One of the key goals of our business is to provide no nonsense information to the MX5 community, we have a number of brake pads that we offer on our website all based on previous experience and recommendation from racers at the highest levels of the UK MX5 racing circuit, this is by no means a finished article and we will continue to add to it.

Often in the MX5 world the term used for choosing the appropriate brake pads are ‘Fast Road Pads’ and ‘Trackday Pads’, the old standard has always been EBC Yellowstuff as something that can provide a little dual duty.

Here in 2019 there have been considerable improvements to the friction materials brake pad manufacturers are using and we’ve selected a handful from our stockpile to test them in real world situations back to back, concentrating on how they feel to use as well as what they’re like to live with.

Our Process

These pads are put through an extended wear cycle and heat cycle with attention taken to all the key areas of measurement out of 10, which are:

Bite from Cold Initial Bite Low Dust Fade Resistance
Temperature Capacity Disc Life Modulation Stopping Power
Pad Life Low Noise

The pads are then measured after the wear cycle, dust is checked and using comparative data we check how they perform against each other, we then chuck this data into a fancy radar graph program to make it all easy to digest.

Hawk DTC-30

This pad is uncompromising, they are loud, eat cheap discs and throw sparks under heavy braking. Your fluid will fade and boil before these let go in our testing even on the hottest track days.

They deliver enough braking force to lock the wheels at 80mph on 195 AD08s yet you can modulate them so delicately before the initial bite and during the braking load. They are marketed as having ‘Dynamic Torque Control’ and while that sounds like marketing *ank, you can really understand what Hawk mean when using them.

While these frankly work amazingly on the road, they really should be a track only pad.

Hawk-DTC-30 MX5 Brake Diagram

Hawk-DTC-30 MX5 Brake Diagram

EBC Yellowstuff

The yardstick for fast road pads for your MX5 for years and years, they offer OEM performance with the added value of the ceramic materials in the pad, giving them higher than average tolerance to heat. They work excellently as a fast road pad but their initial bite and tolerance to heat doesn’t make them a great entry level competition pad from our testing.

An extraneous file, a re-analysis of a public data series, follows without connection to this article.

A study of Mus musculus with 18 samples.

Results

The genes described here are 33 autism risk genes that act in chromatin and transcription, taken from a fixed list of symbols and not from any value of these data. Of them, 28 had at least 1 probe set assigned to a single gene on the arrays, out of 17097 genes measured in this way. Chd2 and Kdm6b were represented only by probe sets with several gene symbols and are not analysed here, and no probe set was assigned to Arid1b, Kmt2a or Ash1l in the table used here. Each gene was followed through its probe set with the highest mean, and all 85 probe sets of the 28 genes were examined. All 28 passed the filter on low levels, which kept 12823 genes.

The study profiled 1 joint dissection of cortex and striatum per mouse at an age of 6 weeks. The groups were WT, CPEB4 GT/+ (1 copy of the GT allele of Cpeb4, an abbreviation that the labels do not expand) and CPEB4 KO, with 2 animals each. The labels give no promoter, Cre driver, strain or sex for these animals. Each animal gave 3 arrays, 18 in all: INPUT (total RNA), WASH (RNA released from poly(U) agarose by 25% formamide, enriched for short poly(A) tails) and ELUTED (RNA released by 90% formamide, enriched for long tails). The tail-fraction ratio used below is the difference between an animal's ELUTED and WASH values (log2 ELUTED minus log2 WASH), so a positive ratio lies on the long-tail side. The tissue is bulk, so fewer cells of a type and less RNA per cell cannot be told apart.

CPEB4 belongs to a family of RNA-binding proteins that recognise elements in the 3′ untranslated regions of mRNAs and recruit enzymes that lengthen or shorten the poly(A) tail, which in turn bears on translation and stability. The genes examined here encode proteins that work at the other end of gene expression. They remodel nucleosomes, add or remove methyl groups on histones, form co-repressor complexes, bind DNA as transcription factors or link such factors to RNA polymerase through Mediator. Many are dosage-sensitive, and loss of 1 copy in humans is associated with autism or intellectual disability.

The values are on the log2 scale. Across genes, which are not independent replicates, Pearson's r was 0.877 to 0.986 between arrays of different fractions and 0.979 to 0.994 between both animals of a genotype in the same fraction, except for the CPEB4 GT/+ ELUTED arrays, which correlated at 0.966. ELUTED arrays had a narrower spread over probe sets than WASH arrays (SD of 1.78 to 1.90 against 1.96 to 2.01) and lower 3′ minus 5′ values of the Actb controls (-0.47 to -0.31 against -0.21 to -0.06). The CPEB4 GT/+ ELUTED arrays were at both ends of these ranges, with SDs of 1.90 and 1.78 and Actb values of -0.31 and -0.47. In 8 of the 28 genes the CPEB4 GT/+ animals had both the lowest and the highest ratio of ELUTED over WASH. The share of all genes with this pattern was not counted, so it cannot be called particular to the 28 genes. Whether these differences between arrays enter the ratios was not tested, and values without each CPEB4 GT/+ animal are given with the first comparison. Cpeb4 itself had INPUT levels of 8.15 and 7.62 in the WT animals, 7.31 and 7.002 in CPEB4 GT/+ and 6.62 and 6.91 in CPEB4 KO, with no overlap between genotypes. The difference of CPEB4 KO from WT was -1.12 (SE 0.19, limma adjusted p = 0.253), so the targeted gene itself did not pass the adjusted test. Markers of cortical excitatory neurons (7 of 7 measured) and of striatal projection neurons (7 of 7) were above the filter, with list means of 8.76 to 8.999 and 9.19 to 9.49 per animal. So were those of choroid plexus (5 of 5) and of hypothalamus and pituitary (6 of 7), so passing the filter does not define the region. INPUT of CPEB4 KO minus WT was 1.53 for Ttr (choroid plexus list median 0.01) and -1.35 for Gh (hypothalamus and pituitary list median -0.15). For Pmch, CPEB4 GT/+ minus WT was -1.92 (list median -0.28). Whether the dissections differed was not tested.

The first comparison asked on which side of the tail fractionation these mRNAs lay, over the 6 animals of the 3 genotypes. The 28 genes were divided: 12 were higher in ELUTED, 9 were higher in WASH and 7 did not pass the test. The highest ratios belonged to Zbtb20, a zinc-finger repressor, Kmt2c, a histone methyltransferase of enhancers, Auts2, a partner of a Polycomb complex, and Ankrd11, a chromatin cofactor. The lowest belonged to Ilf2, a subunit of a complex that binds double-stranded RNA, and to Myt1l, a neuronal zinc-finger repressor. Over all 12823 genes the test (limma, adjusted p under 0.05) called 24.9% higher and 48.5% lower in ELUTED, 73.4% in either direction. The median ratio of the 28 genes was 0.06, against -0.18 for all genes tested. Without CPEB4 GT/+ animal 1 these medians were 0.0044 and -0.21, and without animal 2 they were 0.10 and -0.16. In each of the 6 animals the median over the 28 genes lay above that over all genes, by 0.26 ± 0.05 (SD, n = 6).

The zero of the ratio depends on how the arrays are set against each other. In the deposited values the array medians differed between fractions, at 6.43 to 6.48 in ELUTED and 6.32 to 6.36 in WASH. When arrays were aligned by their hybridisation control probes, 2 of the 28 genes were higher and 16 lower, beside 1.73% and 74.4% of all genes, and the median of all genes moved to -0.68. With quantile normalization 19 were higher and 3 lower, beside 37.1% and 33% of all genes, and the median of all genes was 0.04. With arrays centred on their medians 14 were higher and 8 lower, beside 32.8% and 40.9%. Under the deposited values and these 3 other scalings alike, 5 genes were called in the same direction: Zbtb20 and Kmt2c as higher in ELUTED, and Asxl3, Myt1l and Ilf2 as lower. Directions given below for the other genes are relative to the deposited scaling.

EBC YellowStuff MX5 Diagram

EBC YellowStuff MX5 Diagram

Roddisons ‘Rodders’ Performance Pads

These are a great introduction into a more track oriented brake pad, they do output a reasonable amount of dust taking them a little further away from a daily driver pad than the EBC or the Brembos but make up for it with increased stopping power and thermal tolerance.

For a car with NA power it’s quite unlikely you will experience much fade on track, however turbocharged cars may consider moving over to the DTC-30s and the demands of the braking system increase, a great all round pad that can do more than most.

Roddisons Brake Pads MX5 Diagram

Roddisons Brake Pads MX5 Diagram

Brembo Fast Road Pad – HP2001

Built by an OEM manufacturer specifically for fast road use, or as they say ‘Performance Oriented Street Use’.

This means that they’re designed with a high life, low dust and great cold performance in mind, being OEM equipment on many high performance street cars they need to take a fair beating and be able to manage the heat appropriately. 

A very good all rounder that is more road biased than the rodders but can still hold its own on track, certainly with a naturally aspirated car.

Brembo HP2000 MX5 Brake Diagram

Brembo HP2000 MX5 Brake Diagram

Carbotech XP8

Aggressive and uncompromising in a similar level of performance to the Hawk DTC-30s but without the modulation control, incredible initial bite and for the experienced racer who barely touches the brakes, they may well be a perfect fit.

Carbotech XP8 MX5 Brake Diagram

Carbotech XP8 MX5 Brake Diagram


Hopefully that gives you a little food for thought, there are many different compounds worth trying. If you’re running a boosted MX5 it’s highly recommended to move to something far more capable, the rodders being more the minimum we like to see on cars that intend to do any track work.

The likes of the hawks, you certainly get what you pay for but they are, as with any high performance pad, compromised for general road use.

We also appreciate that this list and these tests are our own opinions and they aren’t based around lap times, they are based on general usage, fast road and track time – it’s more about talking about how the pads are to use, how they feel and what you’re getting for your money.

When changing your pads over, look at the whole system – what fluid are you running? Have you upgraded your brake lines?

If the fluid can’t handle the heat then you wont get much more performance out of the whole system.